Experts Identify Superstitious Believes, Illiteracy As Barriers To Treatment Of Asthma


By; PATRICK TITUS, Uyo

Widely held myths and misconception such as superstitious believes, illiteracy and religious bigotry account for factors militating against the management of Asthma in Nigeria.

This was disclosed in a press statement jointly siged by President of the Nigeria Thoracic Society (NTS), Prof. P U Ela and Secretary, Dr Victor Umoh made available to newsmen in Uyo today to mark this year’s World Asthma Day.

According to NTS, Asthma is a chronic lung disease that has a long-lasting effect on an individual and causes difficulty in breathing due to the narrow airways in the body.

“This year’s theme ‘Uncovering Asthma Misconceptions’, aims to address and bust widely held myths and misconceptions concerning asthma that hindered  people suffering from the disease to enjoy life to the fullest, despite advancement in medical science particularly in our environment awash with superstitions believes, high illiteracy rates, alternative medical practices as well as fringe religious zealots.

Some of the misconceptions include  belief that Asthma is infectious inflicted through witchcraft.  Asthma is a childhood disease;  it can be cure through alternative  medical intervention,  and People suffering from Asthma should avoid exercising

Such misinformations about Asthma among patients and the public at large have impacted negatively on management outcomes, and correcting these misconceptions is the main trust of this year World Asthma Day.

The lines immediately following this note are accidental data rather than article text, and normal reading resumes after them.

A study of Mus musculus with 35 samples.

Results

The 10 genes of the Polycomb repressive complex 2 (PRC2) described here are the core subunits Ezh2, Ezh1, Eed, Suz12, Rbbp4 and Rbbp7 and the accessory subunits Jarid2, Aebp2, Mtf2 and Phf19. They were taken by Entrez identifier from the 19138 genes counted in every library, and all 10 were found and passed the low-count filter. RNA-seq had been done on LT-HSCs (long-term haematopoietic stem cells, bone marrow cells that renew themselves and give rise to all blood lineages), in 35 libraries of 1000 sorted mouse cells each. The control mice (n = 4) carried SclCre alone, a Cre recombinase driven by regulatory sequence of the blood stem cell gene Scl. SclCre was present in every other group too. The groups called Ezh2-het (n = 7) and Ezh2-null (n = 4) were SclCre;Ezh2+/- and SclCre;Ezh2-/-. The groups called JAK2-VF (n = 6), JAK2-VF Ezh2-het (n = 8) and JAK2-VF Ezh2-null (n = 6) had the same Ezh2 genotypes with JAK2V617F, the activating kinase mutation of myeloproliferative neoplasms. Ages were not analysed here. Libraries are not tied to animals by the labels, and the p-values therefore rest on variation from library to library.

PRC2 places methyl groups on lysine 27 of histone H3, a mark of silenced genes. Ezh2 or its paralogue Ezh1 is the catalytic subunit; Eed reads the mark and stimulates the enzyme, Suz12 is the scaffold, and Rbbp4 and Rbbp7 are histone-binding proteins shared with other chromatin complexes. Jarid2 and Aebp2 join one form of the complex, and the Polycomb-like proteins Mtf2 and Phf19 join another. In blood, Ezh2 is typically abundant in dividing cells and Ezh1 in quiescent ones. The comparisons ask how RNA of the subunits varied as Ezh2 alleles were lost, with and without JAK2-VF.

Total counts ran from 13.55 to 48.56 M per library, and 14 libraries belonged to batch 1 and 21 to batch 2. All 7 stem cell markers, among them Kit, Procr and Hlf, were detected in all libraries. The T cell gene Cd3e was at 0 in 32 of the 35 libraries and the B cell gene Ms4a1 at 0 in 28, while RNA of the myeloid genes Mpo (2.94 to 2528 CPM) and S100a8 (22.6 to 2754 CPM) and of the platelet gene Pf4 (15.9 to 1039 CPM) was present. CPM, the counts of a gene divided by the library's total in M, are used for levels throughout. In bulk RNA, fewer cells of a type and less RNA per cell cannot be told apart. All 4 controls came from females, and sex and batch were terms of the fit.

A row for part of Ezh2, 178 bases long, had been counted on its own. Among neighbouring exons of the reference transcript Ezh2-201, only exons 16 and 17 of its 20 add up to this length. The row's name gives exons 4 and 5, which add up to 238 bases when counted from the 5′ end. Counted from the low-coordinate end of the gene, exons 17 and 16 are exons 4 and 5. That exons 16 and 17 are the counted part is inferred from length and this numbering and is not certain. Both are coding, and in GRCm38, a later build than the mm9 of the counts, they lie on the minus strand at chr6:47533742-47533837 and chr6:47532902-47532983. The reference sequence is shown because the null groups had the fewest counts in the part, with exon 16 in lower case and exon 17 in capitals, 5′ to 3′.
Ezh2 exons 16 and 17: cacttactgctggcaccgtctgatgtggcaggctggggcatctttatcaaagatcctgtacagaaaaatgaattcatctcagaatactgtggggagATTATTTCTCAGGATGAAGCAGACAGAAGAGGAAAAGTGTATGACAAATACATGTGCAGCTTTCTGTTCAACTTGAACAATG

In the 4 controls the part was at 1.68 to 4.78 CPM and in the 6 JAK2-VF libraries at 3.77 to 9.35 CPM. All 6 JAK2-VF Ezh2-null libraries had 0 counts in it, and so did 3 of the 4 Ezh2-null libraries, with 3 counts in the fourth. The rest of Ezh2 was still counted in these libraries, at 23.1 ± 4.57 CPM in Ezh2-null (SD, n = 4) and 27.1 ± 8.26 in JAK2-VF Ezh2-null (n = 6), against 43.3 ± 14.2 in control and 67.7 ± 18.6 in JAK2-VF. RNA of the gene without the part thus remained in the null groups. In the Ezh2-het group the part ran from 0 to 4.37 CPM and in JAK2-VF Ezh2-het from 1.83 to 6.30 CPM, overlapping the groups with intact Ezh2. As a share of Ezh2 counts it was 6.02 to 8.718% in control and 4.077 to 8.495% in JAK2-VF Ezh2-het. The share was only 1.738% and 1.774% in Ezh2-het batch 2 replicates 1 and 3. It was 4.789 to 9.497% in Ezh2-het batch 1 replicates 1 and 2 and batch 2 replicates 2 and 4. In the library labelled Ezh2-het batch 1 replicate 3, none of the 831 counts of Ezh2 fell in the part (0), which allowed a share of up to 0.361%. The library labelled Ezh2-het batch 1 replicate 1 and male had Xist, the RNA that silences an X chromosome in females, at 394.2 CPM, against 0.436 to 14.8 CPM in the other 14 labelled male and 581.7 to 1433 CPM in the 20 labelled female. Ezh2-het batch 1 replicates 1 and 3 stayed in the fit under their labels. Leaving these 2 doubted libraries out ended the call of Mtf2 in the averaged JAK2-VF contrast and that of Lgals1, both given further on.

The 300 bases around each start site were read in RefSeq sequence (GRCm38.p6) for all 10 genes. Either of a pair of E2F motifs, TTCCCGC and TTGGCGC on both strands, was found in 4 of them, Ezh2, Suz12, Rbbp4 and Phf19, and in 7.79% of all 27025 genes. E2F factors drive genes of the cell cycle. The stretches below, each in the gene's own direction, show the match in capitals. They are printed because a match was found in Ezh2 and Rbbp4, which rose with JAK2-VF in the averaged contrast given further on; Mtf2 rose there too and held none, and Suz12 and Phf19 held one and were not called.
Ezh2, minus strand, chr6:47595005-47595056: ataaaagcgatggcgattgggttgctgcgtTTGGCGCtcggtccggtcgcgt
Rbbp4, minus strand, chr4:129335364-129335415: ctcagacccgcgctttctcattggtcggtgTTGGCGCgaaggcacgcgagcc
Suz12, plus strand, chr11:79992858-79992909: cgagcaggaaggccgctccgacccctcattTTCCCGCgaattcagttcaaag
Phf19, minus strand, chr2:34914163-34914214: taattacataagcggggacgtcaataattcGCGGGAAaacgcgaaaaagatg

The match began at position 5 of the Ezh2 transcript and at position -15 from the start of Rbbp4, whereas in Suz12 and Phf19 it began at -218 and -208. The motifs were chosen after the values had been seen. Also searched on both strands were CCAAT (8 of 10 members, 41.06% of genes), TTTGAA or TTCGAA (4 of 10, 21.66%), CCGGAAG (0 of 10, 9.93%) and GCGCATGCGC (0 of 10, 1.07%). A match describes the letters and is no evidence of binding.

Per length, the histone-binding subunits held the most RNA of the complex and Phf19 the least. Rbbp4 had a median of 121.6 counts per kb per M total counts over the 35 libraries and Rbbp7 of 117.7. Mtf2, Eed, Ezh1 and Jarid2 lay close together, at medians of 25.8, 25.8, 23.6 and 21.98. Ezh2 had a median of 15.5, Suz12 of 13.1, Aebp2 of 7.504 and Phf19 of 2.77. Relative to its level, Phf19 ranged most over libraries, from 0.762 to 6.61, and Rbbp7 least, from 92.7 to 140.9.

We are not unmindful of   the current serious health care and economic challenges the world is going through occasioned by the covid-19 pandemic

People with asthma should therefore take precautions when any type of respiratory illness is spreading in the community. While people with asthma are not at the highest risk for COVID-19, it is still important to keep your asthma under control. 

Meanwhile, a symposium to raise further awareness on prevention and control Asthma has ended in Uyo.

Organized in the NTS in collaboration with Heritage clinic and Getz Pharama, was aimed at sensitizing the people that having Asthma is not a death sentence.

Speaking at the event, Professor Etete Peters, a Pulmonologist and Provost University of Uyo College of Health Sciences said from researches, the exact cause of this ‘life-threatening’ disease is not yet known, it cannot be cured but it can only be controlled and managed with medications, and patients can live active and normal lives

According to him, research has also shown that certain genes are associated with those who develop asthma.

 “These genes are passed from parent to the children. Those who have these genes are more susceptible to environmental pollutants like dust, repugnant smell etc. We can say that “Genes load the gun, but the environment pulls the trigger” he said.